The Center for Third World Organizing (CTWO, pronounced “C-2”) is a racial justice organization dedicated to building a social justice movement led by people of color. We were established in 1980 as a training and resource center that promotes and sustains direct action organizing in communities of color in the United States. CTWO provides organizer training programs, including the model Movement Activist Apprenticeship Program (MAAP), and builds an active network of organizations and activists of color to achieve racial justice in its fullest dimensions. Additionally, CTWO also provides consultation and customized training.
CTWO is a racial justice organization led by people of color whose mission is to achieve social and economic justice.
CTWO envisions the creation of a just and equitable society in which communities of color are active participants in the creation of decisions and policies that shape their lives.
To achieve social and economic justice, CTWO strives to shift the balance of political, economic, and communicative power by bringing the voices of poor people of color to the decision-making table. CTWO works to:
- Forge links between various communities of color to address the common problems of poverty and disenfranchisement;
- Increase the pool of highly-trained, race-conscious organizers of color to work for community and labor organizations that contribute to the long-term struggle for racial and social justice.
- Strengthen the capacity of grassroots organizations to develop and implement effective organizing campaigns that attack the root causes of inequality and oppression.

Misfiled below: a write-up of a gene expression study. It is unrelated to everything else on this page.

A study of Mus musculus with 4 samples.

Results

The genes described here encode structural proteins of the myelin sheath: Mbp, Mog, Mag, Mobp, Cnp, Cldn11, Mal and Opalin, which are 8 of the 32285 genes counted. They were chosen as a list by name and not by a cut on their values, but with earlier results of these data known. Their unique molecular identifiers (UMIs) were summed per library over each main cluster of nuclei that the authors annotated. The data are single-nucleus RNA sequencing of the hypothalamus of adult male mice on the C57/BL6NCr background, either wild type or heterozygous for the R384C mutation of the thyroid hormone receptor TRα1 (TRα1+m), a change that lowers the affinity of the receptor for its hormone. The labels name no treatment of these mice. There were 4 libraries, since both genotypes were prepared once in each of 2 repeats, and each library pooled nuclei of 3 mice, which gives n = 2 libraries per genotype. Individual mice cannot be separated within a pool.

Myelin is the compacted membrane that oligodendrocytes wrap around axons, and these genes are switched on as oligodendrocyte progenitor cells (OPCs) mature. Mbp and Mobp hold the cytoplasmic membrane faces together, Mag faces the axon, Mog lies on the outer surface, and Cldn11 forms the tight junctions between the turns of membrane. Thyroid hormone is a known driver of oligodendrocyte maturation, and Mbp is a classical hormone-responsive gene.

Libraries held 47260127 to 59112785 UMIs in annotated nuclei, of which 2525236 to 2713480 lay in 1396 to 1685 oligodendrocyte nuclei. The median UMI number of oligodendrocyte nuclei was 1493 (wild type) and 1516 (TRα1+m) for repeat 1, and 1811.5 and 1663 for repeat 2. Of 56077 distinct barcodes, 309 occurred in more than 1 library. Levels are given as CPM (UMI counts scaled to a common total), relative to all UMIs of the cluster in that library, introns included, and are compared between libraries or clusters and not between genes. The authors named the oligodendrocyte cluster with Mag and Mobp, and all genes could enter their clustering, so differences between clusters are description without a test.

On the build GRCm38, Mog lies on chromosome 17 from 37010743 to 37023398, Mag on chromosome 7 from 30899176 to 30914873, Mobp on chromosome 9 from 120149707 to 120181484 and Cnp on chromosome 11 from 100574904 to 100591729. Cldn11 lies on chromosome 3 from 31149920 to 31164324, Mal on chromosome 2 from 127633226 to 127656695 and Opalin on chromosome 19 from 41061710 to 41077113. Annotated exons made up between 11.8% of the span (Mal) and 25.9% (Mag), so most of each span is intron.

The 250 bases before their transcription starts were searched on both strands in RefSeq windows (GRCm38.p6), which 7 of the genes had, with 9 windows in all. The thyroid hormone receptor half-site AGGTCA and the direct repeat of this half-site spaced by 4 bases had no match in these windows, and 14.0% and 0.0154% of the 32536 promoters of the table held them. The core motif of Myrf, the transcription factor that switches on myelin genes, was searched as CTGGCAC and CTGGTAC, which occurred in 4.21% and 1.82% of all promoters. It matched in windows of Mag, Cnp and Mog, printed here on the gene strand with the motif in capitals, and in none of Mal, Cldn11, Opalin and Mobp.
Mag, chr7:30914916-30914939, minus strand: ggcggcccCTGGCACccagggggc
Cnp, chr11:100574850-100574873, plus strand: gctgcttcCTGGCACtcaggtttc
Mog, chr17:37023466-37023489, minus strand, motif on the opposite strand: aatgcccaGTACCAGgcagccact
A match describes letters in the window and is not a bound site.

- Promote race-based analysis and its application to local and global struggles for economic and social equity.
Recognizing the need around the country and inspired and motivated by the international efforts and national movements, CTWO realized there needed to be a vehicle that strengthened the social change infrastructure in a meaningful way.
Thus, CTWO’s pioneering organizer training program was conceived, and is now today’s Movement Activist Apprenticeship Program (MAAP), with close to 500 graduates spanning 30 years, effecting changes in the social, economic, and environmental justice movements around the country and world.
CTWO recognizes that today’s world and society is abruptly and uniquely different than when it started training and producing organizers. Organizers must stay relevant and current, while not losing sight of our roots. We are accountable to conditions of the global economy. As the world’s wealthiest nations’ finances are in disarray, and sharp disparities prevail in abundance in terms of jobs, education, housing, the environment, and health care, we recognize that our low income communities of color arguably need more from the movement than ever before.
CTWO looks to help strengthen the infrastructure and capacity of the low wage worker network, conduct strategic engagement with allies and partners in the arena of civic engagement, voter activism, policy development, and candidate development. We are tracking fast moving economic changes with a focus on becoming a training wing of the growing movement of low-wage worker centers. This is an exciting opportunity to partner with innovative groups in local and regional communities and to help facilitate their organizing capacity. CTWO’s experience and vision ideally situates us for this role. We embrace it with excitement and resolve.